The Face At The Window review: The rocking spectre | books$reviews | Hindustan Times

Kiran Manral’s new novel, a ghost story set in a hill station, has some scary moments.

books Updated: Sep 17, 2016 07:46 IST
Supriya Sharma
Shimla’s Ridge road. Kiran Manral’s new book is set in  a hill town quite like this one
Shimla’s Ridge road. Kiran Manral’s new book is set in a hill town quite like this one(www.shutterstock.com)

An elderly Anglo-Indian schoolteacher moves to a small cottage near a tea estate on a hill station after she retires. An old couple cooks for her and looks after her house while her teenaged granddaughter, enrolled in a nearby boarding school, visits her during holidays. There is a genial doctor on call, amiable neighbours just ten minutes away and a daughter in London. The lady, Mrs McNally, who is also the narrator, spends her days flitting between the past and the present, keying memories into words on her typewriter, and taking long, solitary walks in the hills. Hers seems a charmed life. But like most appearances, this one too is deceptive.

Mrs McNally has some dark secrets (the legacy of a tragic parentage and a reckless youth), but things take a turn for the worse when she discovers an unhappy, murderous ghost on the premises. The spectre is connected to her past and for the safety of those around her, it becomes essential for Mrs McNally to understand how.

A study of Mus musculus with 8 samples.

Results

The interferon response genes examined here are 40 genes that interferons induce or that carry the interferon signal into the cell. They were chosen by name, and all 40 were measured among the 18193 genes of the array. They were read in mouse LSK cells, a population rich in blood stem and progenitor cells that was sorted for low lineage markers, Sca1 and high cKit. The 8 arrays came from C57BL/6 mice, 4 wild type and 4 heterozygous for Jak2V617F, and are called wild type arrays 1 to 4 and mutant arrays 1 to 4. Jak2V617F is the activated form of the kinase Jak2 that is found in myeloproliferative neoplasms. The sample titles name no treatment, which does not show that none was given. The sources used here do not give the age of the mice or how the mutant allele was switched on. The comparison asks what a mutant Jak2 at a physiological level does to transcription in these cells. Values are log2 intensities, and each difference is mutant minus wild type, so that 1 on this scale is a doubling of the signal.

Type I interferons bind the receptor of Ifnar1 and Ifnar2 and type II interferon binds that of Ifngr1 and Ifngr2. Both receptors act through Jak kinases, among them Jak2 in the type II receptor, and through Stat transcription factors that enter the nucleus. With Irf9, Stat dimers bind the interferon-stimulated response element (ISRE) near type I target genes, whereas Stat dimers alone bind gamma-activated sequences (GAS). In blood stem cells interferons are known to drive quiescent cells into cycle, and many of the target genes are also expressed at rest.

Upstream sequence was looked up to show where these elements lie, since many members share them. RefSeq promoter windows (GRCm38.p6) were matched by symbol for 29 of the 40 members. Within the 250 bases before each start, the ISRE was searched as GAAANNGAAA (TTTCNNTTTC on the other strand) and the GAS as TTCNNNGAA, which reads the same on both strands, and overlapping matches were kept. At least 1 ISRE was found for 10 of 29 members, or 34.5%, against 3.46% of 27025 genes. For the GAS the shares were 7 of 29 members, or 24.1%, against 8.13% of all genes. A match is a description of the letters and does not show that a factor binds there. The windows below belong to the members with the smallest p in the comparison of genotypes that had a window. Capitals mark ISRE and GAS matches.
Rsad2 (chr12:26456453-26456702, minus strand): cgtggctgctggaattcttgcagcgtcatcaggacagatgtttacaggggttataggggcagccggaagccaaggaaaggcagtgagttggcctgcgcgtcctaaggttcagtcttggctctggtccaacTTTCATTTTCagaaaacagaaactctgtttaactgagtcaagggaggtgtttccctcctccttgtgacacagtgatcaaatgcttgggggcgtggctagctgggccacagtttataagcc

Scaring people through just words on paper, like making them laugh, is not easy. It either works or does not. In the case of The Face At The Window it does, and there are some truly terrifying moments in the book. The sense of this leisurely, soporific life in a small hill town, the abruptness with which this tranquility is broken and the build-up is reminiscent, at times, of Ruskin Bond’s ghost stories. Manral’s descriptive prose brings this fictional world and those within it to life. This is true of the naive goatherd child Mrs McNally teaches in her free time and who is fiercely protective of her or the apparition, who greets her in the middle of the night, sitting and smiling eerily in her rocking chair.

Author Kiran Manral (courtesy Amaryllis)

But the narrative is unable to sustain the momentum that’s built so well in the first half of the book. Though Manral effortlessly weaves together Mrs McNally’s story and the various subplots, the ending is unsatisfactory and seems somewhat hurried. The book could also have done with tighter editing; there are a lot of extraneous details that do nothing to take the plot forward.

This is not the book for you if taut thrillers and airport or metro reads are your staples. It demands a little time and patience as the rambling narrator slowly takes you into her quaint world and readies you for a good scare.